27 Jul

By Lee Tannen
At the Arts Theatre
The Extraordinary thing about the TV series I LOVE LUCY is its longevity. It ran from 1951-1957
Having spent seven weeks in the US at the beginning of the year. I watched re runs of Lucy every morning on T.V, and apart from a little mental adjustment for political correctness, it is just as endearing and funny as it was then. Lucy was a female clown, and her husband Desi Arnaz was a perfect foil for her idiocy.
In this play, we find out that the pompous Desi was a drunkard and a womaniser and the ditzy Lucy an intelligent and well organised woman – just the opposite of the characters they played.
As director Anthony Biggs says Lucille Ball was a trailblazer. A woman with her own TV studios, married to a Cuban and still working in her seventies. All unusual for the nineteen fifties.
But this play takes place ten years before her death in 1989 and concerns a true love story between her and a young gay man Lee Tannen. Tannen is the author of this play about their sometimes-passionate relationship. She relied on him as escort, confidant, and backgammon player, a game neither of them played very well
Lee Tannen’s story began when, as a devoted fan of the Lucy shows, he found out that he was distantly related to her and took advantage of this to meet his idol. This led to an extraordinarily close relationship. Even though he had a long term special other on the opposite side of the continent, his affair with Tom never got in the way of his friendship with Lucy.
Sandra Dickinson is an American actress who made her life here in England. Her portrayal of the great comedienne is uncanny and completely believable. Her love for the young man is palpable and her frenzied rage when he opposes her is thunderous. This is a portrait of one highly respected, powerful lady and the young gay man who loved her. Tannen is played in this production by Matthew Scott a young man who has just finished in “An American in Paris” on Broadway. They are the only two performers on stage and they have great rapport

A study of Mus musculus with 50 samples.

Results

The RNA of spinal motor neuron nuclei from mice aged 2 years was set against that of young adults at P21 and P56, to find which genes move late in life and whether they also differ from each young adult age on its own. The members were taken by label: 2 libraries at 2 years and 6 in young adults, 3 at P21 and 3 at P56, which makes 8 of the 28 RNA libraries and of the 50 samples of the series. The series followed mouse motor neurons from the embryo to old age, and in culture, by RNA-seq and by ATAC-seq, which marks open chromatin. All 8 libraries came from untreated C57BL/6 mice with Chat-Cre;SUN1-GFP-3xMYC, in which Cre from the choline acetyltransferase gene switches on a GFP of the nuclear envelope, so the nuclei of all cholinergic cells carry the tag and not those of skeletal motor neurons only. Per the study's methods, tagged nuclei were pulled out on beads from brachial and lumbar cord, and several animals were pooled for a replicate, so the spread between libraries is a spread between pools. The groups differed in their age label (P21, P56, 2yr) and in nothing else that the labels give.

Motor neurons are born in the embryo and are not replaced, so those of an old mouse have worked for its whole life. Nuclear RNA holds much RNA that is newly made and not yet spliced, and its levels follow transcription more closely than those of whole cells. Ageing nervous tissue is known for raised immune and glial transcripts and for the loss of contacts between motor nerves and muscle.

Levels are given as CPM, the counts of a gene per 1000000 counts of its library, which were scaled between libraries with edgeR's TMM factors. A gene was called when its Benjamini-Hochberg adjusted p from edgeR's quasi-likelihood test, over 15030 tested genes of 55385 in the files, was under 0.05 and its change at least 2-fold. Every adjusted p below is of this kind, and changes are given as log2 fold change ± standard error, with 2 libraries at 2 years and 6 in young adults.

The play was produced earlier at Jermyn Street Theatre, and it was so well received that it has transferred to the Arts theatre. What is interesting about this first night of the transfer is that so many of the people in the audience had already seen the play before and they came to enjoy it again. I was in the audience on the press night at Jermyn street and sat next to the author, very much aware of his wrapt attention to the show as he noted every laugh, obviously still planning a future production. I felt a bit like a joke tester.
So, like the others I saw it again and am happy to say I Loved Lucy – and still do. She died in 1989. But through the respect paid to her by Lee Tannen and the excellence of this production, Lucy is alive and well – very funny, very moving and to be seen at the Arts Theatre
This is a love story without sex but no less powerful for that.

One Response to “I LOVED LUCY”

  1. susanrdo July 27, 2017 at 10:49 pm #

    I would absolutely love to see this,. . How long will it be playing? I’m planning on going to Europe in October . . was going to go in September but my daughter is having her baby October 1 so don’t want to be away for that.